A new Request for Information released Wednesday details the Army’s interest in industry’s capabilities for developing and integrating artificial intelligence (AI) and machine learning (ML) solutions for its future augmented reality headsets.

The RFI is seeking industry’s input on experience with AI and ML features that could be applied to the Integrated Visual Augmentation System (IVAS), such as AI-enabled target detection and multi-sensor data collection.

The Army conducted its third soldier touchpoint for the Integrated Visual Augmentation System at Ft. Pickett in Virginia. Photo: U.S. Army.

In the call to industry, the Army notes IVAS is designed to provide soldiers with “movement of information, high level processing, and displays augmented reality information,” to include sharing coordinate terrain and mission planning data backed up by AI/ML-enabled processing.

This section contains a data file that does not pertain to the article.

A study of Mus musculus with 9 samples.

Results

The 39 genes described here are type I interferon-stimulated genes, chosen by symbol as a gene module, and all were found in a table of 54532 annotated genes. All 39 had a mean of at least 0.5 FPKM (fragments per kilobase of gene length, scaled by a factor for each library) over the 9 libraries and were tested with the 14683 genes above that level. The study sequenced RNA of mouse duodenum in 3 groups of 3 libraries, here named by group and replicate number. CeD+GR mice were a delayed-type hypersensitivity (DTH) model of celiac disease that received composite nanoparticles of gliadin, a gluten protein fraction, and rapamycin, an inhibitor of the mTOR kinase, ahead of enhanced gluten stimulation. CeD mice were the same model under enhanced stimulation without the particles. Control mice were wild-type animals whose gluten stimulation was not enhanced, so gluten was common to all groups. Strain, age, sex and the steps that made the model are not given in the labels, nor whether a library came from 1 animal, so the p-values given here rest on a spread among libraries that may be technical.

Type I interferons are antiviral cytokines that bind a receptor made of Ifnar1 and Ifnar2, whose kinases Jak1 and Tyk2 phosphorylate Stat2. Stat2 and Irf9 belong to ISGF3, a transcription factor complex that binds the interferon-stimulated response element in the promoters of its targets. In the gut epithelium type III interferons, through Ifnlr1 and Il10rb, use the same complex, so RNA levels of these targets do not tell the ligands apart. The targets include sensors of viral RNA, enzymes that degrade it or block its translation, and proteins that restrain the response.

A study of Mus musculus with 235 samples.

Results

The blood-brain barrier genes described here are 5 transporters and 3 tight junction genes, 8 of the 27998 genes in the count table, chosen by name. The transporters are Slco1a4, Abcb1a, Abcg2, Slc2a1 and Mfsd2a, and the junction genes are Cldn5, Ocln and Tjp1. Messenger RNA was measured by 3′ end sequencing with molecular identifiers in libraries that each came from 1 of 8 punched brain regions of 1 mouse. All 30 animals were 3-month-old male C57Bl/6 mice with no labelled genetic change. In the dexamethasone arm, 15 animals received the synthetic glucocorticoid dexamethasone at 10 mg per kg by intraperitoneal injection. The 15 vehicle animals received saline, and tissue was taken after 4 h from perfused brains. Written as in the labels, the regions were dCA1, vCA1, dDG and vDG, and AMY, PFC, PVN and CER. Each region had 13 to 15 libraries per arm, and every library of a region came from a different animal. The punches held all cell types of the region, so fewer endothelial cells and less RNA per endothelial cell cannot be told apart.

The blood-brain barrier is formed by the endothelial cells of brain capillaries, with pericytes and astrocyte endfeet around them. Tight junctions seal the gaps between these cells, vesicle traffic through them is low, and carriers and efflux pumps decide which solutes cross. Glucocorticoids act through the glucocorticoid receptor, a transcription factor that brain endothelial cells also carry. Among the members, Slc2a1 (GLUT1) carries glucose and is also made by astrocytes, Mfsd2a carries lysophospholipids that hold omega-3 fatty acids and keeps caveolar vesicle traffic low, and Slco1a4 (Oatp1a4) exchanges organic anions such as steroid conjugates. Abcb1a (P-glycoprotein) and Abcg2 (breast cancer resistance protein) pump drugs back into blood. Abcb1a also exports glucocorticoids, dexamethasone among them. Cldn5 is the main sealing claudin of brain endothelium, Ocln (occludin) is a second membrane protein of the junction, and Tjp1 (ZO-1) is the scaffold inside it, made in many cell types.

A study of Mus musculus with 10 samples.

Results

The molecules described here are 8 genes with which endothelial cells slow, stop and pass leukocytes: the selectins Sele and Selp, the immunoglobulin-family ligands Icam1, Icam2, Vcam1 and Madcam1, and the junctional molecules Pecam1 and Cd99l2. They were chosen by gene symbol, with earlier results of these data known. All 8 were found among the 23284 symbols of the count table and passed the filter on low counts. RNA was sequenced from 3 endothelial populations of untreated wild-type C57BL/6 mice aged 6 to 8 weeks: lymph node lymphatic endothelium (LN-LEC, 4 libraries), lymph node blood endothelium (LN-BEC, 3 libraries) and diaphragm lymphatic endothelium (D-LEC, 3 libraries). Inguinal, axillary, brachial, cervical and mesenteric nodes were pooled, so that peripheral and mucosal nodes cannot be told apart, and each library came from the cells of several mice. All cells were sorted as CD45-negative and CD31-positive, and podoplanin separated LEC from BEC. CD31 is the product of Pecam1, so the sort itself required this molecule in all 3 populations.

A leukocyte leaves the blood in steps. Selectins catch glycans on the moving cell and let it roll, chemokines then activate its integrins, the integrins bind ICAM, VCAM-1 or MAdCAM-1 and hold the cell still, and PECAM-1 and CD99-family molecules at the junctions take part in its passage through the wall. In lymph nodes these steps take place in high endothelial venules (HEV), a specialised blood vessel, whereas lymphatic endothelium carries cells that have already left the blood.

Additional AI and ML-related areas the Army is looking to apply to IVAS include battlefield data processing, mixed reality soldier interface solutions, AI-assisted 3D reconstruction, machine-assisted mission planning, assistance for GPS-denied navigation and human-machine teaming for unmanned vehicle mission planning, according to the RFI. 

The Army is also interested in AI and ML solutions to enable soldiers to use IVAS for swarming miniature drones for persistent surveillance and identifying areas of limited mobility and terrain bottlenecks in woodland and urban environments. 

Last March, the Army awarded Microsoft [MSFT] a deal worth up to $21.9 billion over the next 10 years to move the IVAS program from rapid prototyping into production (Defense Daily, March 31).

In October, however, the Army confirmed it was delaying the IVAS’ operational evaluation to next May and pushing back the first unit equipped date to September 2022 (Defense Daily, Oct 14). 

Karen Saunders, the Army’s acting top acquisition official, and Gen. Mike Murray, the head of Army Futures Command, then released a joint statement acknowledging an issue with the system’s waveguide technology that was causing resolution issues.

The Pentagon’s inspector general then announced plans to conduct an audit of the IVAS program “to determine whether Army officials are producing and fielding Integrated Visual Augmentation System units that meet capability requirements and user needs.” (Defense Daily, Oct. 19).